The Myth of Customer Loyalty Programs and Customer retention.

By Niels Kjellerup Publisher and Editor of Ashgrove May 25th 2003/


Today’s announcement that the ANZ bank (Australia’s 3rd largest bank) will raise fees of credit card holders, who is actually paying up their balance monthly, i.e. taking advantage of the interest free period, is a wake up call for corporations investing marketing dollars in so called Loyalty Programs.

It was Prof. Herzberg who pointed out that awarding people to act in a certain way was not motivation, but bribery. ‘The difference becomes clear’, according to the professor, ‘when you stop these rewards. If the activity continues, then its motivation, if they stop its bribery in one form or other’.

What we’re seeing is the beginning of the collapse of the elaborate Customer Loyalty Programs. With mounting cost’s to sustain these programs, it’s becoming abundantly clear that the effect on the participant’s business model and profit line is in doubt to say the least.

A little noticed article ‘The Mismanagement of Customer Loyalty’ by Werner Reinartz and V. Kumar published in the June 2002 issue of the Harvard Business Review contains a year long study of Customer Loyalty programs.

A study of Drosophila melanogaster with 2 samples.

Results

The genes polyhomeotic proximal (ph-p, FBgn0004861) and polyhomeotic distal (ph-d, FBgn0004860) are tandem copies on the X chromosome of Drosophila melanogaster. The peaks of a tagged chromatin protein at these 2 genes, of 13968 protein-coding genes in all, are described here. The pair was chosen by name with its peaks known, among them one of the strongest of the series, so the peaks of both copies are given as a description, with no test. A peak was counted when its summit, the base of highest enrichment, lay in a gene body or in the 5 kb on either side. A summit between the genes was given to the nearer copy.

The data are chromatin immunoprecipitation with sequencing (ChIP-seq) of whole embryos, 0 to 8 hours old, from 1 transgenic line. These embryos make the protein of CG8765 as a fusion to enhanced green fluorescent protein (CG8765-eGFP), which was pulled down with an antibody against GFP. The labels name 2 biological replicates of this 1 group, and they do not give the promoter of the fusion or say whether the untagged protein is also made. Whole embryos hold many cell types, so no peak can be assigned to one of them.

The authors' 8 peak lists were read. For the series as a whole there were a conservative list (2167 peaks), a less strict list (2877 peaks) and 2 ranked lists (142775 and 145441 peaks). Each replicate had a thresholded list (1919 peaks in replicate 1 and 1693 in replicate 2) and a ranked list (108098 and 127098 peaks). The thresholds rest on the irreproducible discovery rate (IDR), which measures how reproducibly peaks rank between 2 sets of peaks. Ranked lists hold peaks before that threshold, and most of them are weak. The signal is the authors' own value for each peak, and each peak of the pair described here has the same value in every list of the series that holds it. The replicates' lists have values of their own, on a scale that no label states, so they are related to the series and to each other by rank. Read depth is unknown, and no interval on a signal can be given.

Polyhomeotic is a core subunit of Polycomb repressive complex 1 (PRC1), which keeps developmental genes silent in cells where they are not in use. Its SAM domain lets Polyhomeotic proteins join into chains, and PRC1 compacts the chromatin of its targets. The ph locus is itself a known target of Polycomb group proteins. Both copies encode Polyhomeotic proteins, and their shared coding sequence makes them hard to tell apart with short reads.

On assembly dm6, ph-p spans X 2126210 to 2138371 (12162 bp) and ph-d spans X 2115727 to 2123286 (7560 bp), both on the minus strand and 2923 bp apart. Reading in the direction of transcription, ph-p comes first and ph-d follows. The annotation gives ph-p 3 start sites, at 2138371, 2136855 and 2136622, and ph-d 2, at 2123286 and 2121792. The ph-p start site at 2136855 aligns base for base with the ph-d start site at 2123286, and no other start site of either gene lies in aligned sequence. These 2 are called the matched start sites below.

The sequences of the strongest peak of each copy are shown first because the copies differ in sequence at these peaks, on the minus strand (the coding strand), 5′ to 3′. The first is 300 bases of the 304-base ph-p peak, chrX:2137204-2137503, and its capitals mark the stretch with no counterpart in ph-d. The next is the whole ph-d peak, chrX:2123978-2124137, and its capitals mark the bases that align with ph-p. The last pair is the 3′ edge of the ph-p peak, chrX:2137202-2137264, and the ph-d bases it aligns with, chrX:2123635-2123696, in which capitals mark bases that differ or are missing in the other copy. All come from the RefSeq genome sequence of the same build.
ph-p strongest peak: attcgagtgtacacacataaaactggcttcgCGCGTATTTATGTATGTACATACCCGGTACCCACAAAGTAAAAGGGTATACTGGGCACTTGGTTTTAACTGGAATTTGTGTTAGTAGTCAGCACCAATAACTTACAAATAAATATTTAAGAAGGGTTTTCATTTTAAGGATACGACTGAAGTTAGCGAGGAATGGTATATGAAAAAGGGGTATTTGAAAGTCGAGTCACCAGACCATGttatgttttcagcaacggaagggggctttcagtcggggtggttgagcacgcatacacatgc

Tracking the loyalty programs of 3 Corporations over a 4 year period the findings support the conclusions of the ANZ senior executives –

1)      Little or no evidence that customers who purchase steadily from a company over time are necessarily cheaper to serve, less price sensitive or particularly effective in bringing in new business.

2)      Much of the common wisdom about customer retention is bunk. To get strong returns on relationship programs, companies need a clearer understanding of the link between loyalty and profits.

3)      To identify the true apostles, companies need to judge customers by more than just their actions.

4)      No company should ever take for granted the idea that managing customers for loyalty is the same as managing them for profits.

The article provides new ideas and methodologies to determine much more precisely when to let go of a customer and how to improve ROI on a loyalty program.


Most companies business model needs revision, not only when it comes to reflecting the impact of Loyalty Programs on the bottom line, but in how customer service and Call Centres add value to the future revenues streams.